Italy's Highest Court Issues Surprise Ruling in Amanda Knox Case NY Times
Amanda Knox, the American at the center of a media storm during the sensational trial that accused her of murdering her 21-year-old roommate while studying in Italy, has had her acquittal overturned, reports The New York Times.
Italy's highest court on Tuesday issued a surprise ruling overturning her previous acquittal, which means that the case against her and her former boyfriend, Raffaele Sollecito, will be sent back to an appeals court in Florence. The pair were first convicted of killing Meredith Kercher in a trial that divided public opinion, but were later acquitted on appeal.
The Times notes: "The decision by the Court of Cassation offered a further dramatic turn in a long-running case that has fascinated many people in the United States, Britain and the rest of Europe. But the full implications of the ruling were unclear, particularly the question of whether Ms. Knox would return voluntarily from the United States or be extradited to face new hearings -- a process that would require several major legal steps. If she does not appear, the case could proceed in her absence."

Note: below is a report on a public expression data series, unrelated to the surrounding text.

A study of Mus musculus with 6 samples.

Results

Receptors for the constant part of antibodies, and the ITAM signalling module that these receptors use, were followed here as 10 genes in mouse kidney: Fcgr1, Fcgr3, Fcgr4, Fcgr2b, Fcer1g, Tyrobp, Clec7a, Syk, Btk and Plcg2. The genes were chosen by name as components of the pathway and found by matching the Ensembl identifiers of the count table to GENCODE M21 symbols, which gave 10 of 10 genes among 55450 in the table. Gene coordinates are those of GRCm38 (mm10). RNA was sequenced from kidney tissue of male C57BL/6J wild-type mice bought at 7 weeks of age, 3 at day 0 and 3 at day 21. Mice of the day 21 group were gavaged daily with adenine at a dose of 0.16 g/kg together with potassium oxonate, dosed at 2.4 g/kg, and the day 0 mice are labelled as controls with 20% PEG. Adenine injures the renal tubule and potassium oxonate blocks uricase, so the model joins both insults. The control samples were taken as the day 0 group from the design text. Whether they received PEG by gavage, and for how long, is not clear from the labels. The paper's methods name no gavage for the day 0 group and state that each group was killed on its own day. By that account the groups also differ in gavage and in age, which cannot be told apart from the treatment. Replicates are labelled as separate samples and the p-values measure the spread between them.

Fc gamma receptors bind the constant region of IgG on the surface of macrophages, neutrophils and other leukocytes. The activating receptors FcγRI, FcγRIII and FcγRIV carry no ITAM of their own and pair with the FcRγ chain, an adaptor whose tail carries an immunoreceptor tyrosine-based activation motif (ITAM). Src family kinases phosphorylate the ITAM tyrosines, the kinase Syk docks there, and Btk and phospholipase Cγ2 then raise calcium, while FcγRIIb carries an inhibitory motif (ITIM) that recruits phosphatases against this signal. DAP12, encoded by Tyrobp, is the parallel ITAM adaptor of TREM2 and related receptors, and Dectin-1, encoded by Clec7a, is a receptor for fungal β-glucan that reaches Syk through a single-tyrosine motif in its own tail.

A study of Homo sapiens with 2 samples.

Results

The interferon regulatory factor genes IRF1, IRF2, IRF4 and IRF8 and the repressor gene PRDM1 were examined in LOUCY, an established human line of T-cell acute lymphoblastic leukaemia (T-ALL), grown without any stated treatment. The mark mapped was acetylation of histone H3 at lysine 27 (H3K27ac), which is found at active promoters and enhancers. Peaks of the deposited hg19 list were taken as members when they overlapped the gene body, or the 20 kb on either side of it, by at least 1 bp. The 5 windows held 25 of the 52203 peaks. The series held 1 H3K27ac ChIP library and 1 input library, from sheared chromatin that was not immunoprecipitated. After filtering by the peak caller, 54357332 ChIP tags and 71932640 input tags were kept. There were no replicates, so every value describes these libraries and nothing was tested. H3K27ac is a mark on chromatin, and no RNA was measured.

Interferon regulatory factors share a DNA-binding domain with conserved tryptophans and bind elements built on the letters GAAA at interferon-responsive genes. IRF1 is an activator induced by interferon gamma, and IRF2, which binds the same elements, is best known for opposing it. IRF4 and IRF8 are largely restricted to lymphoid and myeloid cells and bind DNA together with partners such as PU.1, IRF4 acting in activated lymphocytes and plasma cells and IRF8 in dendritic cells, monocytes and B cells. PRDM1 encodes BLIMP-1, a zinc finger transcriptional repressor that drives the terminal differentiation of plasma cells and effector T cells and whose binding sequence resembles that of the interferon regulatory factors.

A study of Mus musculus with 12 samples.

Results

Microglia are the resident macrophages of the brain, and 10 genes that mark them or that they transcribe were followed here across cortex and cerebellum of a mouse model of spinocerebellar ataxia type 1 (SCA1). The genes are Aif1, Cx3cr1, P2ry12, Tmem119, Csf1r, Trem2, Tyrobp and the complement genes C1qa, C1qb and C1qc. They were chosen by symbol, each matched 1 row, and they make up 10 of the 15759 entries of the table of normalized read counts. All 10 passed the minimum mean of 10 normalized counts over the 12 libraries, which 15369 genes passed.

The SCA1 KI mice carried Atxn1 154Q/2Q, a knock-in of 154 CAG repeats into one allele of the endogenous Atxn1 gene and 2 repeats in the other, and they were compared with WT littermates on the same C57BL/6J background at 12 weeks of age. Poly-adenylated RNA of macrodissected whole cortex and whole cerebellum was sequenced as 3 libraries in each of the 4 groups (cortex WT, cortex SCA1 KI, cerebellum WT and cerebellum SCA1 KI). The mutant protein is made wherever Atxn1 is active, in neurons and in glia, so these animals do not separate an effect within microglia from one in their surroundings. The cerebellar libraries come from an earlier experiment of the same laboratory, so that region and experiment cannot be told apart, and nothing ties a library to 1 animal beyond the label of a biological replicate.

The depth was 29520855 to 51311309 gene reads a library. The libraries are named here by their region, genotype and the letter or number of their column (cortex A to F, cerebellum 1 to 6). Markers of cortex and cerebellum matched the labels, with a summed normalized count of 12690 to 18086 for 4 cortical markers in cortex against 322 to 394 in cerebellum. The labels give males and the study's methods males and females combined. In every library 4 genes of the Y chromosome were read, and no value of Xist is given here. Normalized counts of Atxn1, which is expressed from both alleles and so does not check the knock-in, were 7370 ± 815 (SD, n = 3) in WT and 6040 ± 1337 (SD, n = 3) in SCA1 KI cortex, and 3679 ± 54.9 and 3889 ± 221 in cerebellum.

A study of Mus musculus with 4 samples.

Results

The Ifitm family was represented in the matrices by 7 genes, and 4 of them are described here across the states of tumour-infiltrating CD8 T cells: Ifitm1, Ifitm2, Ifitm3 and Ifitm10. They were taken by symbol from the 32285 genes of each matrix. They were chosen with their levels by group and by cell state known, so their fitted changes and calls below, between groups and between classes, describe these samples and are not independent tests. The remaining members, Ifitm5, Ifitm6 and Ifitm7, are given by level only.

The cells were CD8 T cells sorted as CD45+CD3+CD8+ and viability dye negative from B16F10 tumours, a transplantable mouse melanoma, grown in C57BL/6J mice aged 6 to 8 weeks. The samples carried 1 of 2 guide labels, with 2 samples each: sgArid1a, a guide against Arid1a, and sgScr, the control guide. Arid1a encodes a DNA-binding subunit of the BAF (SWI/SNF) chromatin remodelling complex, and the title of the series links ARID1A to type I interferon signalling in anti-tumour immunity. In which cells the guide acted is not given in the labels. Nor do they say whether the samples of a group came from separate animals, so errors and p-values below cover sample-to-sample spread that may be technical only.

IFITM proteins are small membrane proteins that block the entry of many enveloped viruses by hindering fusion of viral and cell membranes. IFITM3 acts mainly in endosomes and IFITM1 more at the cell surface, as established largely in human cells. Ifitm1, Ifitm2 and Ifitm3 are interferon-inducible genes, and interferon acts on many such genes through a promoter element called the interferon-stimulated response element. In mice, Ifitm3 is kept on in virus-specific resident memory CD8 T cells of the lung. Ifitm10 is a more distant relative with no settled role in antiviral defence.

Knox, who became the the focus of a Lifetime movie starring Hayden Panettiere, said the ruling was "painful" because "the prosecution’s theory of my involvement in Meredith’s murder has been repeatedly revealed to be completely unfounded and unfair.”
A book by Knox, called "Waiting to Be Heard," is slated for publication April 30, and on the same day, ABC News anchor Diane Sawyer will conduct the first interview with her since her release from an Italian prison.